CHICAGO, Feb. 28, 2017 /PRNewswire/ -- Today is National Rare Disease Day and researchers at Rush University Medical Center are working to unlock the mysteries of a condition called Phelan-McDermid Syndrome, a rare chromosomal disorder often associated with the deletion or mutation of the Shank3 gene and autism spectrum disorder. Shank3 is a critical gene involved in coding how brain cells connect and communicate. It plays a critical role in neurological functioning.
Shank3 deficiency, which leads to Phelan-McDermid Syndrome, has been identified in approximately one percent of individuals with autism spectrum disorder (ASD) and approximately 1,300 cases have been identified worldwide. Most patients are characterized by a low IQ, motor skills deficits and delayed or absent speech.
Rush researchers are studying this condition as part of the National Institutes of Health funded Rare Diseases Clinical Research Network's Developmental Synaptopathies Consortium which is composed of a group of 11 medical centers studying three rare genetic syndromes that often cause autism spectrum disorder and intellectual disability. The study's purpose is to characterize and track Phelan-McDermid Syndrome and identify genetic factors which contribute to the syndrome and related conditions such as autism spectrum disorder.
"Our objective is to fully define Phelan-McDermid Syndrome using standardized medical, cognitive, and behavioral measures. Additionally, we are looking at how it develops and progresses over time, as well as identifying genetic factors which contribute to the many different symptoms that individuals with this condition experience," explains Latha Soorya, PhD, Rush University Medical Center.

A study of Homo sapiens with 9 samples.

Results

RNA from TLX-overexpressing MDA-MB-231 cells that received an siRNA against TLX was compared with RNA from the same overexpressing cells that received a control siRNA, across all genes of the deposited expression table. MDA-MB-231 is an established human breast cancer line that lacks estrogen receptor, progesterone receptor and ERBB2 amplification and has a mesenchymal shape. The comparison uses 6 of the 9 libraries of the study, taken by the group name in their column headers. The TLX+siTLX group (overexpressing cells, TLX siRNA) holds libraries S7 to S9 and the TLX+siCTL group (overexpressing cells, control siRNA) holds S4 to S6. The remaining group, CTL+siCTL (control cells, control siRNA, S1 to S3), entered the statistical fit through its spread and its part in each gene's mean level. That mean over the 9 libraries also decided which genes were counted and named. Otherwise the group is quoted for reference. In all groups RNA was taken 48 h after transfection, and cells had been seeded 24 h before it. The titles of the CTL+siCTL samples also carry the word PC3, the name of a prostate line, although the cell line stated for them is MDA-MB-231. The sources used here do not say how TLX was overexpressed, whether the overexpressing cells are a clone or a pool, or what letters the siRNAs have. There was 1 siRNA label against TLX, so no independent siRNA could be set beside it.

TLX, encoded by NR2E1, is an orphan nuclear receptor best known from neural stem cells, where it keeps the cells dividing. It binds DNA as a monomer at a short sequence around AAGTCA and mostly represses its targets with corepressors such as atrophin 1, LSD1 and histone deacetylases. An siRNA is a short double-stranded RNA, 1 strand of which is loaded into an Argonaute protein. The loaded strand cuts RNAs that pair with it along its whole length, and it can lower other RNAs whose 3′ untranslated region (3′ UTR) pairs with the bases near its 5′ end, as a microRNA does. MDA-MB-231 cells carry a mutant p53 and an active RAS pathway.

"Once we establish the characteristics and path of Phelan-McDermid syndrome, we can better understand changes that might occur in patients during trials of new medications targeted to the brain, which is affected by the disease," she said.
In addition to Rush, this study is taking place at the National Institutes of Health, Boston Children's Hospital, Cincinnati Children's Hospital Medical Center, Cleveland Clinic, Icahn School of Medicine at Mount Sinai Hospital in New York, Stanford University in Palo Alto, California, University of Alabama at Birmingham, University of California at Los Angeles, University of Texas at Heath Science Center at Houston and University of Texas Southwestern Medical Center.
Soorya, a clinical psychologist at the Autism Assessment Research Treatment Services (AARTS) center at Rush, is an investigator for this five-year study with Dr. Elizabeth Berry-Kravis, MD, PhD, pediatric neurologist and Professor of Pediatrics, Neurological Sciences and Biochemistry at Rush.